NABO writes to MPs in the APPGW


We have also sent out a press release to Towpath Talk, Waterways World, Canal Boat and Narrow Boat World. The latter have just published a pro NABO comment encoring readers to invest £25 in joining - well done our new publicity officer Anne 

 

The text of our letter reads

 

Canal and River Trust seeking powers beyond those granted in the 1995 Act

 

The Canal and River Trust (CRT) is seeking to revise its licence terms and conditions further through a consultation process with private boat licence holders. The National Association of Boat Owners (NABO) believes that there is one proposal of sufficient concern that it should be brought to your attention. Namely, CRT is seeking to exceed the powers granted to it by Parliament in the British Waterways Act 1995.

 

To obtain a licence, a boater has no choice but to agree to CRT’s Terms and Conditions. NABO strongly believes that boaters should not be required to agree to terms that are not required by the relevant Act of Parliament.

 

CRT is proposing that the following is added to the end of clause 3.1 of the existing Terms and Conditions: 

“The cruise must be a genuine cruise. Minimal or repetitive movement along a short part of the Waterway or Waterways without use of the Home Mooring (nominal use of which shall be disregarded for these purposes) will not be accepted as a genuine cruise.”

 

This change appears to be an attempt by CRT to extend its powers beyond the 1995 Act. There is no authority in the 1995 Act for CRT to decide how a boat must travel in order to comply with the requirement to be used for proper navigation. The requirement is simply as per s17 (3) (c) (ii) of the 1995 Act – the boat must not have remained continuously in one place for more than 14 days, unless reasonable in the particular circumstances. A boat remaining in a small area or not travelling a certain distance does not thus contravene the 1995 Act, which appears to be what CRT is driving at with the reasoning given for this change.  NABO, supported by our legal advisers, believes that CRT should be required to act in accordance with current legislation and not require boaters to agree to Terms and Conditions that exceed those required under the 95 British Waterways Act.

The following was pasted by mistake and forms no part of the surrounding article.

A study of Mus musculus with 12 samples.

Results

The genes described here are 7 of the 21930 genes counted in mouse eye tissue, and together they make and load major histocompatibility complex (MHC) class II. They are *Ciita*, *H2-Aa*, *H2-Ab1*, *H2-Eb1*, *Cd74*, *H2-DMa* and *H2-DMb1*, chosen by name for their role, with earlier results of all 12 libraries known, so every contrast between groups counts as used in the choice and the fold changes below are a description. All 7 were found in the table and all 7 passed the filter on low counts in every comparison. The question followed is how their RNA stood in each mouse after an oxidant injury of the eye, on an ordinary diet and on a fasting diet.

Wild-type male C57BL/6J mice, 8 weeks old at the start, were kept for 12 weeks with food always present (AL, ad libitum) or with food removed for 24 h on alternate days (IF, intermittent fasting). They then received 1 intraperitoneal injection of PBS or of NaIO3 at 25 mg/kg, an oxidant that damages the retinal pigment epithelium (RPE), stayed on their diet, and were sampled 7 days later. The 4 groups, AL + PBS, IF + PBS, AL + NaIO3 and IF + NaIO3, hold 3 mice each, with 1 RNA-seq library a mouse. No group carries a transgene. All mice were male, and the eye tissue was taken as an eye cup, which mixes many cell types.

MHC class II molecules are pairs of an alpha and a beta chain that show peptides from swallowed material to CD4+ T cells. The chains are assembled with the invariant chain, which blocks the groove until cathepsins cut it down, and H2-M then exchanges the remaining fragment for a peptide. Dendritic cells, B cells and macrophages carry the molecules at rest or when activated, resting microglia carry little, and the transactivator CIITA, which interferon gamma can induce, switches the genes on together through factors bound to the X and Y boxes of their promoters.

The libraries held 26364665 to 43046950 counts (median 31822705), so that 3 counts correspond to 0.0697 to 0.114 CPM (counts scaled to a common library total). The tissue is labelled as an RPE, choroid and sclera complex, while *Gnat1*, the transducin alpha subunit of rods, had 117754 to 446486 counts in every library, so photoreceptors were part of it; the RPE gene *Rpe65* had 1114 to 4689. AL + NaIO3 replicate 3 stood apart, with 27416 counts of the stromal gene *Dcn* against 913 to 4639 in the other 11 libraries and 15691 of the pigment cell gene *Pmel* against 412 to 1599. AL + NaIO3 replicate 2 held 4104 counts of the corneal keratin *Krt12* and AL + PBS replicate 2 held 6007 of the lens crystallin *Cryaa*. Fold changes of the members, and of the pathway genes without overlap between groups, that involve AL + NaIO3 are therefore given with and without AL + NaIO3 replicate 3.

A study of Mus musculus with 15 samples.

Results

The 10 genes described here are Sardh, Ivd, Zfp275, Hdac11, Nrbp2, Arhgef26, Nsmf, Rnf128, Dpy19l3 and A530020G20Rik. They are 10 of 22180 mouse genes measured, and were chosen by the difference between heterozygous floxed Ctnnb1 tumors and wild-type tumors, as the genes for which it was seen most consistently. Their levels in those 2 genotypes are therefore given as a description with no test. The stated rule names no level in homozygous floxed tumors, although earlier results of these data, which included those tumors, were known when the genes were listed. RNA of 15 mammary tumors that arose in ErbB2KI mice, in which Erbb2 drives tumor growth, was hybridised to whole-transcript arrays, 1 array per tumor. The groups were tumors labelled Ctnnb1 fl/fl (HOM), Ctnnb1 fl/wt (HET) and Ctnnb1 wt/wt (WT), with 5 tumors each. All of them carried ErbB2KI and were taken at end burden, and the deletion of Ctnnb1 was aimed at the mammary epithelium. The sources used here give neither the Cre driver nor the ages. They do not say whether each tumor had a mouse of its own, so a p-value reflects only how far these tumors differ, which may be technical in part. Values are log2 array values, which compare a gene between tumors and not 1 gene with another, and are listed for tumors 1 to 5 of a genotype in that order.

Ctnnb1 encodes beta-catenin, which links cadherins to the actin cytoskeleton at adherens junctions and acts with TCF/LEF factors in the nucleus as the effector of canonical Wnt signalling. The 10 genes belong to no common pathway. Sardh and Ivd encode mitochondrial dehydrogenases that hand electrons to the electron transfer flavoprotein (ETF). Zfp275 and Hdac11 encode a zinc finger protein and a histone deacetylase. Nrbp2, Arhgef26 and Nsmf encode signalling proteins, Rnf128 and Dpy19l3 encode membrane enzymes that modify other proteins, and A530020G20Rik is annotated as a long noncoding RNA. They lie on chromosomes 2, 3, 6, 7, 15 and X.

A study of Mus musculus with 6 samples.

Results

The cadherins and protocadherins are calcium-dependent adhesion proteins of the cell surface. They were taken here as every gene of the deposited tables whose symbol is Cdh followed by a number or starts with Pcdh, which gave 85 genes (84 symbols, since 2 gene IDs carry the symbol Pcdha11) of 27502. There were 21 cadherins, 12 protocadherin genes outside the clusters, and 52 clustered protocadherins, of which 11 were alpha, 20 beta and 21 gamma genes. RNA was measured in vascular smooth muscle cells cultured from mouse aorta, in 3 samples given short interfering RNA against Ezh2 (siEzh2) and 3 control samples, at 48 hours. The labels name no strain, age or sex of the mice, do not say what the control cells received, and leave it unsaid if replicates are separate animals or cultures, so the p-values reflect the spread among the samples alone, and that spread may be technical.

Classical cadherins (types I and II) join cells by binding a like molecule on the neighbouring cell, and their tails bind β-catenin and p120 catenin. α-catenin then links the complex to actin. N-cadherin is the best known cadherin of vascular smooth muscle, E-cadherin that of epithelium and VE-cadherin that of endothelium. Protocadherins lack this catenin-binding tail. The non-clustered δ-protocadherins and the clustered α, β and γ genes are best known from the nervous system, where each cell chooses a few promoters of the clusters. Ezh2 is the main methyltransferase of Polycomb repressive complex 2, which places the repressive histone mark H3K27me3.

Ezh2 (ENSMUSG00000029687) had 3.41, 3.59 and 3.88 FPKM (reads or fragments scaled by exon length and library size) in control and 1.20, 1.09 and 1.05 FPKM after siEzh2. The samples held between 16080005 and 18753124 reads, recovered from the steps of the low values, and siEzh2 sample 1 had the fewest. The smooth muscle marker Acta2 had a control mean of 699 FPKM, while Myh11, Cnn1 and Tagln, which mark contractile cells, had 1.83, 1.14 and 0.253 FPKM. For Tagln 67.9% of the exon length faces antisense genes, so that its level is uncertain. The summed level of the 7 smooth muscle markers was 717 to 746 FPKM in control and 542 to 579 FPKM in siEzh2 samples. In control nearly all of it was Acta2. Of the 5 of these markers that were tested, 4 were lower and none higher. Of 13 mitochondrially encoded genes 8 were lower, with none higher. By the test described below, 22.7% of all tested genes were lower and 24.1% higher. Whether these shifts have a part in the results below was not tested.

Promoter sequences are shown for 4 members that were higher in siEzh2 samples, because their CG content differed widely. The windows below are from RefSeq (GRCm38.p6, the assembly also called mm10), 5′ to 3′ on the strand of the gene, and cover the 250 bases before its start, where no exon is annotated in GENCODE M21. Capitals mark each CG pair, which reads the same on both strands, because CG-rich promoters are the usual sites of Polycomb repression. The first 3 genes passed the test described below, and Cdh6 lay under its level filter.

Quite apart from the legal aspect, there is the question of proportionality. CRT has been unable to quantify the size of the problem it is trying to address nor provide a definition of “genuine cruise” or “minimal” in this context. The reasoning given is “ensure all boaters get fair access to the whole of their network, as presently some boaters with a home mooring remain in a small area, not returning to their home mooring, preventing others access to mooring space.” This could best be addressed by the provision of mooring spaces of varied durations in popular areas and the enforcement thereof,which is available under the existing legislation.

 

We hope that the members of the All Party Parliamentary Working Group for Waterways will consider the points we raise above and make appropriate representations to the directors of the Canal and River Trust.

 

Best Wishes

Mike Rodd
Chair, NABO

 

In detail Section 17 (3) of the British Waterways Act 1995 states as follows:

Notwithstanding anything in any enactment but subject to subsection (7) below, the Board may refuse a relevant consent in respect of any vessel unless—

End of quote

 

We have also sent out a press release to Towpath Talk, Waterways World, Canal Boat and Narrow Boat World. The latter have just published a pro NABO comment encoring readers to invest £25 in joining - well done our new publicity officer Anne 

We have also published on our Facebook site and made reference to our activities on the canalworld forum , leading to a healthy debate on both. Over the coming days we will be putting a formal response to the consultation to CRT and also publishing some wider concerns on CRTs date protection policies and the readability of its wider terms and policies.